How Child Support Payments Are Calculated

Child Support Formulas and Calculations


The formulas apply equally to all parents who apply for child support within the state.

The Income Shares Model

The income shares model is based on the assumption that children should receive the same financial support from their parents as they would have enjoyed if their parents had remained together. The incomes of both parents are included in the calculations. Forty-one states used this formula as of 2020.

Calculations begin with how much it costs to raise a child in that particular jurisdiction. Assuming the cost is $1,000 a month per child, the court would then divide this number by the parents' combined incomes. Mom would be responsible for $600 a month if she earns 60% of their combined incomes, while Dad would be responsible for $400 a month if he earns 40%.

Assuming the child lives with Mom, Dad's base child support amount payable to Mom would be $400 per month, or 40% of $1,000. It's assumed that Mom pays her $600 directly via mortgage or rent payments, grocery bills, and the like.

The Melson Formula

The Melson Formula is used in Delaware, Hawaii, and Montana as of 2019. Developed in 1989 by a Delaware Family Court judge, it's a more complex version of the income shares model.

This formula incorporates additional factors and expenses, many of them designed to take parents' financial needs into consideration as well.

The Percentage of Income Model

Another six states use the percentage of income model. As the name suggests, this is either a flat or adjusted percentage of just the non-custodial parent's income.

For example, Texas uses an adjusted or variable version of this model. A noncustodial parent will pay 20% of their monthly "net resources" for one child, graduating up to at least 40% when five children or more require support.


This formula has been criticized as being the most unfair because it doesn't take parenting time or other influencing factors into consideration.

States that use this model include Alaska, Mississippi, Nevada, North Dakota, Texas, and Wisconsin as of 2020.

Parental Income

Income can be net or gross. Take-home pay is considered to be net income.

It can include lottery winnings, stock valuations, and future income. It might also include the monetary value of benefits such as the use of a company car or a military housing allowance.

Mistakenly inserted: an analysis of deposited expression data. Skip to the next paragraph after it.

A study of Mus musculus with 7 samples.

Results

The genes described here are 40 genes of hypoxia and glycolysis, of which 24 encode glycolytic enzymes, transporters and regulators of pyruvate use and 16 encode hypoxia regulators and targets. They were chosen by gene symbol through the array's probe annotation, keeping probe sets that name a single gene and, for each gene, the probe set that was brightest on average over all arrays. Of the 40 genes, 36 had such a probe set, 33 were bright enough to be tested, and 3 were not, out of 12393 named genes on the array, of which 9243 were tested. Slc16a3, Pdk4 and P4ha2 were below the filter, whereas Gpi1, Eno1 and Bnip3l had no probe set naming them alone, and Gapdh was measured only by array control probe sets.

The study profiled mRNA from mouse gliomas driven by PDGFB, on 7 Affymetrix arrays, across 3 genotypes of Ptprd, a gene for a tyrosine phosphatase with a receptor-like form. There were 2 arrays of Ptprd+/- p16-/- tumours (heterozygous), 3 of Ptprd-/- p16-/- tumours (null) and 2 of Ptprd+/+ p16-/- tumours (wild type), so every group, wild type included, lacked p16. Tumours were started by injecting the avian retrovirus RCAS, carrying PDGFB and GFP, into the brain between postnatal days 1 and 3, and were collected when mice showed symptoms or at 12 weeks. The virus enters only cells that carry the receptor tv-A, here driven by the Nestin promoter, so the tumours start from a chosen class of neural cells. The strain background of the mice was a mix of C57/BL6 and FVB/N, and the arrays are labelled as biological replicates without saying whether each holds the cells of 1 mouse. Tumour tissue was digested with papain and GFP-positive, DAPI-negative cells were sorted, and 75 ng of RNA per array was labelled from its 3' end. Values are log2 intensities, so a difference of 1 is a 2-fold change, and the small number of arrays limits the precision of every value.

Parents are required to provide courts with copies of their most recent W-2 forms, pay stubs, and documentation supporting any other types of income they might have. Self-employed parents' incomes are typically based on their tax returns.

Other Dependents

Most states will factor in support paid for other child dependents not included in the child support order that's being calculated. For example, a parent might already be paying child support for a child of another relationship, or be supporting one or more children who currently live with them.

Parenting Time Factors

The income shares model is set up to accommodate the amount of time a child spends with each parent, which is generally based on the number of overnights the child spends in each home per month.

The custodial parent receives credit for paying for the child's needs directly during time spent in that home. Likewise, the parent with parenting time is credited with paying the child's expenses directly during visitation time spent in that parent's home.

Special Considerations

States can impose a higher level of support for higher-than-average medical or educational expenses, or for special needs children who might incur additional expenses, such as speech therapy.


Some state courts might also consider the costs of recreational activities, such as sports camps or after-school activities.

Most states that use the income shares model apply the same mathematical formula for work-related child care costs and health insurance premiums, dividing them between parents based on their percentage contributions to their combined incomes.

How the Cost of College Impacts Child Support

A child support obligation ends when a child reaches the age of maturity, which is usually age 18, but is age 21 in some states. The obligation to support a child in college depends on the state that orders the support.

To learn more about child support payments and obligations in your jurisdiction, please visit your state's family court website.

Child Support by Agreement

Most states permit parents to reach their own agreements as to how much child support will change hands. Judges might consent to a different arrangement if extenuating circumstances make the state's child support guidelines unreasonable and the parents can agree on how much should be paid. Parents receiving any form of public support don't have this option, however.

  1. U.S. Department of Justice. "Child Support Enforcement."

  2. National Conference of State Legislatures. "Child Support Guideline Models."

  3. Texas Constitution and Statutes. "Family Code: Title 5. the Parent-Child Relationship and the Suit Affecting the Parent-Child Relationship."

  4. National Conference of State Legislatures. "Child Supporting and Parenting Time Orders."

  5. National Conference of State Legislatures. "Termination of Child Support."